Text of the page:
President Barack Obama called himself a "great admirer" of Pope Francis as he sat down at the Vatican Thursday.
WASHINGTON - Bruce Springsteen will be back campaigning for President Barack Obama.
The musician will join former President Bill Clinton at a Thursday rally in Parma, two days after the second presidential debate. Obama will not attend the rally.
Springsteen also will appear at a campaign event Thursday in Ames, Iowa.
Springsteen campaigned for Obama in 2008, but these will be his first political appearances of the 2012 cycle. Clinton is a prominent campaigner for Obama.
Clinton and Springsteen's joint appearance in Ohio underscores the importance of the key swing state. Polls show Obama with a slight lead there over Mitt Romney, but the Republican presidential candidate is spending an increasing amount of time and resources in the state ahead of Election Day.
The event will be held at Cuyahoga Community College in Parma, and is free and open to the public. Doors to the event will open at 11 a.m. Thursday, and tickets are required for entrance.
One ticket per person will be distributed on a first-come, first-served basis. Tickets will be available on Tuesday, October 16, from 10 a.m. until 9 p.m. at the following locations:
OFA-Shaker Square Field Office
13100 Shaker Square
Cleveland, Ohio 44120
OFA-Parma Field Office
5734 Ridge Rd.
Parma, OH 44129
OFA-Lakewood Field Office
11822 Detroit Ave
OFA-Lee & Harvard Field Office
4071 Lee Rd. Suite 110
Cleveland, OH 44128
OFA-Euclid Ave. Field Office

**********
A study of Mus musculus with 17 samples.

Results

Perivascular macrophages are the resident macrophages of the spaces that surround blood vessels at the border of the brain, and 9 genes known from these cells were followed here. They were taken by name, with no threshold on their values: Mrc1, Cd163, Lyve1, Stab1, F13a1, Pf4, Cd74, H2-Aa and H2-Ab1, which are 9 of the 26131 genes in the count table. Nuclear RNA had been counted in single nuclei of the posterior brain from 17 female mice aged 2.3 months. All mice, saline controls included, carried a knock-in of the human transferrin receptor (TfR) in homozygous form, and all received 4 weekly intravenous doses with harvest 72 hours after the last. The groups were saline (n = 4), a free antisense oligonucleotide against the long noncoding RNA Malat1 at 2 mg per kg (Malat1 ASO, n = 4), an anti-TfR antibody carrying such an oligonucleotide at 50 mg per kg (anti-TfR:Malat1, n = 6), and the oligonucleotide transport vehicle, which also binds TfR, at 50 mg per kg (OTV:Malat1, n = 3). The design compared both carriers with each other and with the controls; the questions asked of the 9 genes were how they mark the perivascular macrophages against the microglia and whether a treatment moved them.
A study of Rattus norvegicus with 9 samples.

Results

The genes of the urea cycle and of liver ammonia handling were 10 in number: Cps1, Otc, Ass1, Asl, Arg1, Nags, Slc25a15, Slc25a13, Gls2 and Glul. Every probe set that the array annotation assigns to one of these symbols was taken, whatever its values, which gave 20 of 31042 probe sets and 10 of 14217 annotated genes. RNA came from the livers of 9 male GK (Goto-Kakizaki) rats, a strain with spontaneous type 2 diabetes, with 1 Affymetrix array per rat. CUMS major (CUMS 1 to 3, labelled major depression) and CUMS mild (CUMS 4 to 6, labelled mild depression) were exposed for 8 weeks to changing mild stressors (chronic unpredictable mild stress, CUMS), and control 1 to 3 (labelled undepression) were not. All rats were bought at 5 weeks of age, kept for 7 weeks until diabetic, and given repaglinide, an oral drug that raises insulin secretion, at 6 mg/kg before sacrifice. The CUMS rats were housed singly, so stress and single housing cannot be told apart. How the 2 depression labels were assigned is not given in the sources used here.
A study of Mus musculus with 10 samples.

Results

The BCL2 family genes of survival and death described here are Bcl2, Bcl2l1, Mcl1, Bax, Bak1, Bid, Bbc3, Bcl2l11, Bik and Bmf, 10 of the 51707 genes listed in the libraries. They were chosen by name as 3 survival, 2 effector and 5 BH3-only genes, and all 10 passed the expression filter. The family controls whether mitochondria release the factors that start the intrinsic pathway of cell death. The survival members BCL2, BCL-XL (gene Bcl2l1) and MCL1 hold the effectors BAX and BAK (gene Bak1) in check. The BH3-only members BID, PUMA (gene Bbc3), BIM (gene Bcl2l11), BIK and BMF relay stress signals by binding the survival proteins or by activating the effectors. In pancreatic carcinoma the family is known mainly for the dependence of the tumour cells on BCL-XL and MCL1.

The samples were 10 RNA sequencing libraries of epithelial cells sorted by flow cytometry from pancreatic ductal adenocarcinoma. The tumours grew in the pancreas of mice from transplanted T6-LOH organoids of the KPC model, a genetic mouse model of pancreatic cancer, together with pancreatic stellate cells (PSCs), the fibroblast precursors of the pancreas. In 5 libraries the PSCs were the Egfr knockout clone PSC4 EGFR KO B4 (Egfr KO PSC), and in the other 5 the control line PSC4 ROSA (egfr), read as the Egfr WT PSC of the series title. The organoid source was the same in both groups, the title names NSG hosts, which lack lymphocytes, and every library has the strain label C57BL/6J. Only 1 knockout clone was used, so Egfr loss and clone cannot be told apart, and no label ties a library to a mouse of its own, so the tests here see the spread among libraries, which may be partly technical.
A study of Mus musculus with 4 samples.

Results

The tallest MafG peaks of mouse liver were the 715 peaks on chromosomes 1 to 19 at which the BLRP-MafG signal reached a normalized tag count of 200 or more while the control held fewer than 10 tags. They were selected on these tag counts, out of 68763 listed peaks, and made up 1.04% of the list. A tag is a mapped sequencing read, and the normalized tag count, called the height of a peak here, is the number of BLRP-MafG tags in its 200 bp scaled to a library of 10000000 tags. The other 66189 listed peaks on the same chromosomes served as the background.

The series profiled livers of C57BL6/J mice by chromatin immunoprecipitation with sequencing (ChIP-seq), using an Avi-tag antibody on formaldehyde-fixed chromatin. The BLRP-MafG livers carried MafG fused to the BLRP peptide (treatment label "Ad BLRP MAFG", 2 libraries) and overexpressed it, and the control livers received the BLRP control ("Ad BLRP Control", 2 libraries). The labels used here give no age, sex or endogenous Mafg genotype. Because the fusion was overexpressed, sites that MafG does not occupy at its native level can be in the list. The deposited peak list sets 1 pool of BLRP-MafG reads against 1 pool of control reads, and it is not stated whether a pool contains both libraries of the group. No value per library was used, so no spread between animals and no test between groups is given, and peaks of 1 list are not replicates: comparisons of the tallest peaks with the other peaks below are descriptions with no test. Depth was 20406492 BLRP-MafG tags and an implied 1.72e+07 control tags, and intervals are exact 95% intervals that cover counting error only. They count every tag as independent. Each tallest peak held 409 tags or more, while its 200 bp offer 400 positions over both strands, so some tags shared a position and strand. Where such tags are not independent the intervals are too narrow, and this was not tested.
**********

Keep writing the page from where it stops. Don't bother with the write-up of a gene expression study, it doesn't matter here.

3740 Euclid Ave
President Vladimir Putin on Tuesday fiercely defended Russia's move to annex Crimea, saying the rights of ethnic Russians have been abused by the new Ukrainian government.
Republicans are dismissing President Barack Obama's new $3.9 trillion budget.
President Barack Obama is ordering the Pentagon to accelerate planning for a full U.S. troop withdrawal from Afghanistan.
Addressable TV lets advertisers pinpoint specific homes for commercials.
A survey of academics has found that Eleanor Roosevelt was the nation's best first lady. Michelle Obama ranks fifth.
President Barack Obama said in his State of the Union address Tuesday that he will sign an executive order setting the minimum wage for workers covered by new federal contracts at $10.10 an hour, a big jump from the current federal minimum of $7.25. Obama hopes his order will spur Congress to increase the minimum wage for all employees.
President Barack Obama is promoting his newly unveiled plans to boost wages for some workers and help Americans save for retirement -- no action from Congress necessary.
In a first, working-age people now make up the majority in U.S. households that rely on food stamps -- a switch from a few years ago, when children and the elderly were the main recipients.
State of the Union night is coming up. Time to set the record straight on a few things: Yup, Bill Clinton really was the most long-winded. Nope, it doesn't have to be a speech. And, in truth, this "annual" event doesn't happen every year.